How Birds Prepare to Migrate

How Birds Prepare to Migrate


Bird Physiology as Birds Prepare to Migrate

Fall is just around the corner (though according to some stores Christmas is already here and we should be planning for Valentine's Day!) and as the weather turns cooler our feathery friends begin to depart on their migrations to the South.   Bird migration has been studied extensively, from beginning to end, though we're just now really starting to make heads or tails of how it all happens.   Birds can do such amazing feats of travel and navigation and no one quite knows how.   For me, the question has never been about why the birds migrate, it seems pretty obvious that cold and lack of food is not conducive to creatures that can weigh mere ounces and need insects, nectar, or protein to survive. I've always wondered why it was that male birds wanted to beat the snot out of each other for three months (in Spring and Summer), calling, threats and warnings, and then suddenly they are buddies with the birds next door and can fly south with everyone else in big flocks. So, I did a little digging to find out.


Birds are specially adapted for flight, this we know. They have hollow bones, feathers, insulation, streamlined flight, special feet and beaks, and much more. Their scaly feet give away their reptilian ancestory, as do their beady eyes when they look at you, especially the predatory birds. However, they also have some unique characteristics that most people don't know about, such as their reproductive systems (if you haven't read my post on the two answers for everything in biology be sure to click here).  If you're a bird that needs to fly, and migrate, it's to your benefit not to have any additional weight or unnecessary parts and bits. This is especially true for avian anatomy.

Female birds usually have only one functioning ovary, and oddly enough, it's usually the left one. Two develop embryologically, but one regresses until it becomes a vestigial organ in the adult bird, like a whale's back legs.  The birds really only need one ovary to produce eggs, so by eliminating one they make their bodies less heavy for flight.  In some female birds, once they reach their breeding grounds in Spring, they will actually begin to sequester calcium in their bones, which can be drawn out and used to form egg shells. This makes them heavier, but only at a time they probably don't need to fly long distances, and helps them prepare for egg laying. Birds that don't sequester calcium usually eat more calcium before egg laying.  You can help the female migrants in your yard by leaving out egg shells, cracked or broken, near feeders for them eat. Another good source of calcium that birds will eat readily is commercially available at local feed stores in the form of crushed oyster shells.  The calcium in the leg bones of females is secreted or absorbed before fall migration, decreasing weight to a more appropriate flight weight.   (To read more click this link for a research paper).

Male birds have two testes, one resting just above each kidney. In non-breeding birds they are almost impossible little organs to find. In breeding season avian testes (cued by lengthening daylight) may swell in size to hundreds of times their non-breeding size (Proctor and Lynch 93). While this like an absolute nightmare for mammals, it works well for birds, because swelling testes causes an increase in hormones, and an increase in territoriality and singing behavior in Spring. This increase in weight, hormones, and territorialiy corresponds with increased food supplies, so extra testicular weight is not a detriment to migration or flight.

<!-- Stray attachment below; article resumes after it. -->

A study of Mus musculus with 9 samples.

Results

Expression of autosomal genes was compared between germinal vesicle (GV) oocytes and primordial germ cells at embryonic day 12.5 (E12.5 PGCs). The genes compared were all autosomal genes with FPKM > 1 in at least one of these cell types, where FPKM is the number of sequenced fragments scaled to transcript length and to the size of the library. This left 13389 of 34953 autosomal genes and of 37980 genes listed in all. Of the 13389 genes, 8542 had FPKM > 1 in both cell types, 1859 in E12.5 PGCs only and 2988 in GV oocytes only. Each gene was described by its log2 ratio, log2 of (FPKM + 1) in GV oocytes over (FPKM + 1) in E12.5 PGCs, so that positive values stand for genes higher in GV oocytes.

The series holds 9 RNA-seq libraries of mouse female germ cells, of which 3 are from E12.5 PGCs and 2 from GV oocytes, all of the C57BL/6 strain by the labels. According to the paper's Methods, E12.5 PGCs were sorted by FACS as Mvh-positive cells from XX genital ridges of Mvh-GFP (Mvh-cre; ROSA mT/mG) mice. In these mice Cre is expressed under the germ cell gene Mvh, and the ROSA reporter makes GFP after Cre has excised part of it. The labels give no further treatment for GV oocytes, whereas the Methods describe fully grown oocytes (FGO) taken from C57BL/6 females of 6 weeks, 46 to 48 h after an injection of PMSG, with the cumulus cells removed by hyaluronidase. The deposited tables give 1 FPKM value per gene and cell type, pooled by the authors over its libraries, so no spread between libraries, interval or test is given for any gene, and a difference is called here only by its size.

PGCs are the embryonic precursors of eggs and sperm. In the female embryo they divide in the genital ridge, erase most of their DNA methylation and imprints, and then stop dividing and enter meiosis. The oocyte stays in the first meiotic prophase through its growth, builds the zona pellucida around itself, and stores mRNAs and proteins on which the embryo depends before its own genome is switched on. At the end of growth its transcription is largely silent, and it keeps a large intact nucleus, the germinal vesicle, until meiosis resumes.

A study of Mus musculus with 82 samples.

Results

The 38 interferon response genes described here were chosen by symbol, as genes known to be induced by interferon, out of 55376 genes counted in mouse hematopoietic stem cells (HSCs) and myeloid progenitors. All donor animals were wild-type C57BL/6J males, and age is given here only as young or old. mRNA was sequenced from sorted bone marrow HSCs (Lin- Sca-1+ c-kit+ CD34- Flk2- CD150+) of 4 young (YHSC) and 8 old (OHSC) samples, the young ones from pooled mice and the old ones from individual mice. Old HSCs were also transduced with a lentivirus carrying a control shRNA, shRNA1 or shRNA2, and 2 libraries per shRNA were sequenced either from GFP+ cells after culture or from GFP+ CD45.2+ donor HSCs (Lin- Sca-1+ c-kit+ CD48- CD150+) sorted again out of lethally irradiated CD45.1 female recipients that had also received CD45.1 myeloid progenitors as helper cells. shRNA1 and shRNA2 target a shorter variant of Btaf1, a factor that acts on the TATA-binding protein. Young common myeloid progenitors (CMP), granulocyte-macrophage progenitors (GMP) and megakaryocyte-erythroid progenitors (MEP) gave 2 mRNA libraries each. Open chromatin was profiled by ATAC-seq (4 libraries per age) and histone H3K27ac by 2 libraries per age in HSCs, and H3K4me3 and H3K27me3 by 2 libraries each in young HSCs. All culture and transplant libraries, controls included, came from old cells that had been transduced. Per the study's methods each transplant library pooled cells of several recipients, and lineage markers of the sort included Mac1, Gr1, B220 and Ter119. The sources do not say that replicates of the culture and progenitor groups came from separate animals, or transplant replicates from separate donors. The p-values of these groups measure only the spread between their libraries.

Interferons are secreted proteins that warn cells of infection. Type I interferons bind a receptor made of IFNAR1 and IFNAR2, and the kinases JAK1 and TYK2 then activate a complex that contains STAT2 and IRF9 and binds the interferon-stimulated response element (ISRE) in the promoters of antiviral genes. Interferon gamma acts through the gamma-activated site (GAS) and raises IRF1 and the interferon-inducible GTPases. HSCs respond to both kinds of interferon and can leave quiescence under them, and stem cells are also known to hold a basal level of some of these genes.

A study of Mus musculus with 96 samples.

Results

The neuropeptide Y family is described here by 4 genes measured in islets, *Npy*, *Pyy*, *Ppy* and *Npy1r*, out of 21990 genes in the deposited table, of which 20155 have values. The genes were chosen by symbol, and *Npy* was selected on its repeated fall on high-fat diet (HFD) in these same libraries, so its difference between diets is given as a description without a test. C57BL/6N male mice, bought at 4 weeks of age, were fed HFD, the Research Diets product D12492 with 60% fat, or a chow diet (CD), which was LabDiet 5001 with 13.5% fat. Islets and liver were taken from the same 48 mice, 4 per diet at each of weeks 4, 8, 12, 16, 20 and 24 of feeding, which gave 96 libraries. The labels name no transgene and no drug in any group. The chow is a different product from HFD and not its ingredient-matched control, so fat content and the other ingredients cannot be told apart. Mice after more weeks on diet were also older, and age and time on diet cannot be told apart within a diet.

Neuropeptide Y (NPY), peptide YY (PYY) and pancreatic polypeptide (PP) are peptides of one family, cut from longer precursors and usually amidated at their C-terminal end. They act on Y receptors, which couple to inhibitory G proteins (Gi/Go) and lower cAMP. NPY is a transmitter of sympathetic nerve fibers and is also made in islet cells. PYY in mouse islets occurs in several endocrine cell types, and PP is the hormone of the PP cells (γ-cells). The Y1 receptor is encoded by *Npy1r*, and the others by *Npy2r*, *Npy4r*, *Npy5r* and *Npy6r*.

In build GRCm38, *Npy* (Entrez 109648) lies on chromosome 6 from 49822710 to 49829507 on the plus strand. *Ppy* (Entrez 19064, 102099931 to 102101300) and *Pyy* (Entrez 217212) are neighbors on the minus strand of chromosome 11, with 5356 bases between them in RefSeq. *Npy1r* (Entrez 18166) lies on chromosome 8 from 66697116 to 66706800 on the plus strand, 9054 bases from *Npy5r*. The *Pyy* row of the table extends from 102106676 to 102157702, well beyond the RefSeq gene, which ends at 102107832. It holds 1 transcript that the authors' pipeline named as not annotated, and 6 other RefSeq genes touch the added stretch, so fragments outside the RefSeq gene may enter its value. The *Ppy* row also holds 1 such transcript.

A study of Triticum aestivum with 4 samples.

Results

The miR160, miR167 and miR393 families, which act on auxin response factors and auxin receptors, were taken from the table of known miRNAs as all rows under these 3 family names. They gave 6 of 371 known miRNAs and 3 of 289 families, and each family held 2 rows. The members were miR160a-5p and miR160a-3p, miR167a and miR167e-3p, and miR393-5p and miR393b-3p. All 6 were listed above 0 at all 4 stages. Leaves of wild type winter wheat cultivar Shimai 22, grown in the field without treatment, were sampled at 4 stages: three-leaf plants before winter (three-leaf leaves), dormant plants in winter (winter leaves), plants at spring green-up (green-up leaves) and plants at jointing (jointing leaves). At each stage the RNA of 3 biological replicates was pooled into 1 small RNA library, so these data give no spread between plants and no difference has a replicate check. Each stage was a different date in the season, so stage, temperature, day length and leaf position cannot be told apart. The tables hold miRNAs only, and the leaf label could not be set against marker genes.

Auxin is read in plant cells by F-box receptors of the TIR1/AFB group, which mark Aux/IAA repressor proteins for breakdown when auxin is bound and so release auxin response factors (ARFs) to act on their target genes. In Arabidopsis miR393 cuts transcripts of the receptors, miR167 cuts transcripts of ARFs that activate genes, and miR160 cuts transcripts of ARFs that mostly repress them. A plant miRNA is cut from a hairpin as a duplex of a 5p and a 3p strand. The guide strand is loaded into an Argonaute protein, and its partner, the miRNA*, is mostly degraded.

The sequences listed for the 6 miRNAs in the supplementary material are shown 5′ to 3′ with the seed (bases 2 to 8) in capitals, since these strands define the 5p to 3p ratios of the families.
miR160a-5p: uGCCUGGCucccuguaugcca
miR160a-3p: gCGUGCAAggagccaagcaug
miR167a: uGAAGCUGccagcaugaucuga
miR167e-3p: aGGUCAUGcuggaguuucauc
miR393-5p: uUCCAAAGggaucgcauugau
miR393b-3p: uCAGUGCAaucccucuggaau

In the Fall, the opposite occurs. The little gonads shrink, and all the male birds are happy and can get along again. This is a great adaptive strategy because it allows the birds to cooperate and migrate in flocks, which is thought to benefit birds because of "safety in numbers."

Shortening daylight, for both male and female birds, also cues extra fat deposits and storage for the long migrations ahead. Feeding will increase as the time for migration draws near. Some birds can lose up to 1/2 to 1/4 of their body weight during migration. Can you imagine doing that as a human?

Bird migration itself is an amazing occurrence. If you want to learn more, or to participate in citizen science studies with your outdoor education center or classroom then I suggest visiting the Journey North website. It is a great resource of facts, lesson plans, maps, real-time surveys, and citizen science for classrooms and the public. They have great information about phenology or the study of plant and animal responses to the changing seasons. The Cornell Ornithology Lab also has some great resources to check out too.

Just because I can...here's a fun video, with male bower birds in full swollen teste mode showing off.

 

My name is Karen and I am currently the Education Program Coordinator at the Smithsonian Environmental Research Center, working with students K-gray and doing outdoor science education based on Smithsonian research. I have also been a curriculum developer for the Smithsonian Science Education Center and a contract curriculum writer for the Discovery Channel. In my spare time I love to explore nature topics that I want to know more about, which has lead me to blogging here on "The Infinite Spider" (Infinitespider.com). I've designed it to be a science and nature blog for every-day people, naturalists, and outdoor educators. Currently I live in Annapolis, MD. If you have questions you can reach me at greathornedowl76@gmail.com. Let me know if you enjoy the blog or if you would like to see a particular topic covered. Thanks for reading!